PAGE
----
We’ll discuss the most popular applications of this feature. However, note that Query Rules is flexible enough to handle additional applications and intents.
- Dynamic filtering
- Removing or replacing words and phrases
- Replacing the entire query
- Creating keyword-based searches
- Adding additional settings based on the content of the query
Auto/Dynamic Filtering based on the query
Imagine a query “cheap toaster 800w”. Query Rules can be used to filter the results by “toaster” and “prices between 0 and 25”, so that the only textual search is the remaining term “800w”, which will further limit the results with that wattage.
Another example: “tomato” - A simple search, but one that may never return the fruit (or vegetable) because too many Tomato Soup brands are selling better than cherry tomatoes. With a dataset that contains both tomatoes and tomato soups, there’s currently no way for the engine to distinguish between those two items - even though we consider that when people type “tomato” they are looking for the fruit and not the soup. Query Rules can help contextualize a search - that is, provide hints about what to display - by adding a filter depending on the query.
So in this example when the query is “tomato” we can add a filter “category=fruit”.
Altering the query by recognizing keywords
An excellent example of altering a query is with an online document library that allows keyword searches inside documents. If a user types in the word “article ref21”, they are probably signaling to the system that they are looking for an article whose title or id contains “ref21”. Article, in this context, is a keyword; ref21 is an id.
Currently, Algolia wouldn’t return the expected results because:
- the engine would search using both the word “article” and the word “ref21”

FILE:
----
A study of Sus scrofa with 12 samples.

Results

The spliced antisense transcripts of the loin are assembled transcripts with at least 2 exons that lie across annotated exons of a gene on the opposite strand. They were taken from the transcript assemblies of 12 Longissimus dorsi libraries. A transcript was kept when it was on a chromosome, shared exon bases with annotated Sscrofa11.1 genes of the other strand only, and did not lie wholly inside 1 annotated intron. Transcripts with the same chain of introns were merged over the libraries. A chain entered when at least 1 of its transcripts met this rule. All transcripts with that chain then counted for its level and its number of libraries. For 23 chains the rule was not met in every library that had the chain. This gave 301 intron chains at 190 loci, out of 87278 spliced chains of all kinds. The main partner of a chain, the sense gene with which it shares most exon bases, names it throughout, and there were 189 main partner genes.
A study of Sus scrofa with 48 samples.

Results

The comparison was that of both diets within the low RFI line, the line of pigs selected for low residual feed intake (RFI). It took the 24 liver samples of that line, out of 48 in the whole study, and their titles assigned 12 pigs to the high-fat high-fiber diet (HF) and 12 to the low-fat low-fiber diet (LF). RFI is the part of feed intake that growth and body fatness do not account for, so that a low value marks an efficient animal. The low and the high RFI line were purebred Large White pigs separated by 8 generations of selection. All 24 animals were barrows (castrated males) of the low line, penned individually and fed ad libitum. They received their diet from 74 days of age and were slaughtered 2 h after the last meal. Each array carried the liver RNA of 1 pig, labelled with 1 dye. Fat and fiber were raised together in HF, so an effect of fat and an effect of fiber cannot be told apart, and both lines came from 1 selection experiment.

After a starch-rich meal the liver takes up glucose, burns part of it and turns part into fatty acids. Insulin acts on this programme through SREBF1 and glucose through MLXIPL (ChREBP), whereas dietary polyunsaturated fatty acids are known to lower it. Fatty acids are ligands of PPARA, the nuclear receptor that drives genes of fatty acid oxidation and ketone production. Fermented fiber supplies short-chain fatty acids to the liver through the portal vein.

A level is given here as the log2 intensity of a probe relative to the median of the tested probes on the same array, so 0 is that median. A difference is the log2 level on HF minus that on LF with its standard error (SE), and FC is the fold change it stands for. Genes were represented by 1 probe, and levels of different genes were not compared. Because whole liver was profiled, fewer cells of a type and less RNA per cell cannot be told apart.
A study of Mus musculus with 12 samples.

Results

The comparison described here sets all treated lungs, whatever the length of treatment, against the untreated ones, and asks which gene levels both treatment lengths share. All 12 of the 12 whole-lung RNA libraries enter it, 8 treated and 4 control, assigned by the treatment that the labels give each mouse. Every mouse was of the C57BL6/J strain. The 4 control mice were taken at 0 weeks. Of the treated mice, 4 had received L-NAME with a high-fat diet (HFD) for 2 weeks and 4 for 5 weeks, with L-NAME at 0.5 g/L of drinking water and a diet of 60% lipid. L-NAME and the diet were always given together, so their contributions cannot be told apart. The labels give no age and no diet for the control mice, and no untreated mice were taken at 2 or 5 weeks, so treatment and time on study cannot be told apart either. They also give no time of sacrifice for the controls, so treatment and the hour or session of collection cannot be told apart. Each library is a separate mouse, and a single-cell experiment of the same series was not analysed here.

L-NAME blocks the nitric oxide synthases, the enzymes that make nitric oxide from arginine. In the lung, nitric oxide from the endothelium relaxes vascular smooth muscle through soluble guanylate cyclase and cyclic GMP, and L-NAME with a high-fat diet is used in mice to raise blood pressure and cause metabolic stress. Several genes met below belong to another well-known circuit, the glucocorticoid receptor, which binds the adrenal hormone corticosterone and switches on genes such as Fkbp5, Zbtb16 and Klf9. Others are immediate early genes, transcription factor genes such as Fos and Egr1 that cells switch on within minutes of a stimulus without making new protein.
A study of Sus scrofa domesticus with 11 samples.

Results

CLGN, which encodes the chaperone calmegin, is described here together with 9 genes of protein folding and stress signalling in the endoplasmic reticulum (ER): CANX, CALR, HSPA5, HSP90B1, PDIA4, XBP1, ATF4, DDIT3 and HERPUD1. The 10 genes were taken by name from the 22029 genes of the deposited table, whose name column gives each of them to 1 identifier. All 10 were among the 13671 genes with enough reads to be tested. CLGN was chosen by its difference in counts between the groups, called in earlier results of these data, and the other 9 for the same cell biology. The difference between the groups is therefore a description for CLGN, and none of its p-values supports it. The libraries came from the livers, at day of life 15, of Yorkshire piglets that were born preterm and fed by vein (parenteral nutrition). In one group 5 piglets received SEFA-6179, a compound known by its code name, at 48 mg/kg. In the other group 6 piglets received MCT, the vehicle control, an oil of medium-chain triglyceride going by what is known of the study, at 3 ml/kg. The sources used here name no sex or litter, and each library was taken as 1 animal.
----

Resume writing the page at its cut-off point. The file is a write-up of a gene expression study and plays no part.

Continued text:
- however, unfortunately, the records don’t contain the word “article”.
Query Rules can fix this: when we see the pattern “article ref”, we remove the word “article”. By doing that, “article ref21” would be replaced by “ref21”, moreover, we would therefore only find records containing “ref21” in the
Query Rules is designed for this, to easily create rules that recognize keywords like “article” or “financial report” and remove them from the search, focusing the search exclusively on the article’s title or reference id.
Replacing words (similar to synonyms)
This feature can be compared to synonyms. Our current synonym functionality expands a search by adding words with similar meanings. When you create a synonym, the engine searches both the typed word and its synonym. However, what if you want to search only the synonym? You can’t do this with the Synonyms functionality.
Query Rules offers an alternative. You can now replace words instead of adding new ones. For example, if you make “tv” a synonym for “television”, Query Rules will replace “tv” with “television” so that only “television” is used to search, as opposed to synonyms, which will search with both “tv” and “television”.
Query Rules, therefore, reduces the noise that comes from using both synonyms, because Synonyms will return results from both “tv” and “television”, whereas Query Rules will removes all results from “tv”.
Replacing the entire query
This is similar to replacing words, but it replaces the entire query with alternative words or phrases, and removes the query from the search process. The use case is slightly different: Imagine a query where users type in a common, informal phrase for a product, but you don’t use this phrase in your records. You can remove the common phrase from the query and replace it with your own vocabulary. An excellent example of this is “smartphone apple” which you can replace with “iphone”.
Applying search parameters
Saving the best for last. Perhaps the most flexible and powerful functionality that Query Rules offers is its ability to add or change query settings on the fly. You can use its query parsing capability to determine which settings best apply to the given search. Potentially, every search can have a different logic. Depending on the search, you can disable/enable typo tolerance, change geolocation settings, search only certain types of attributes, filter differently, and a host of other possibilities.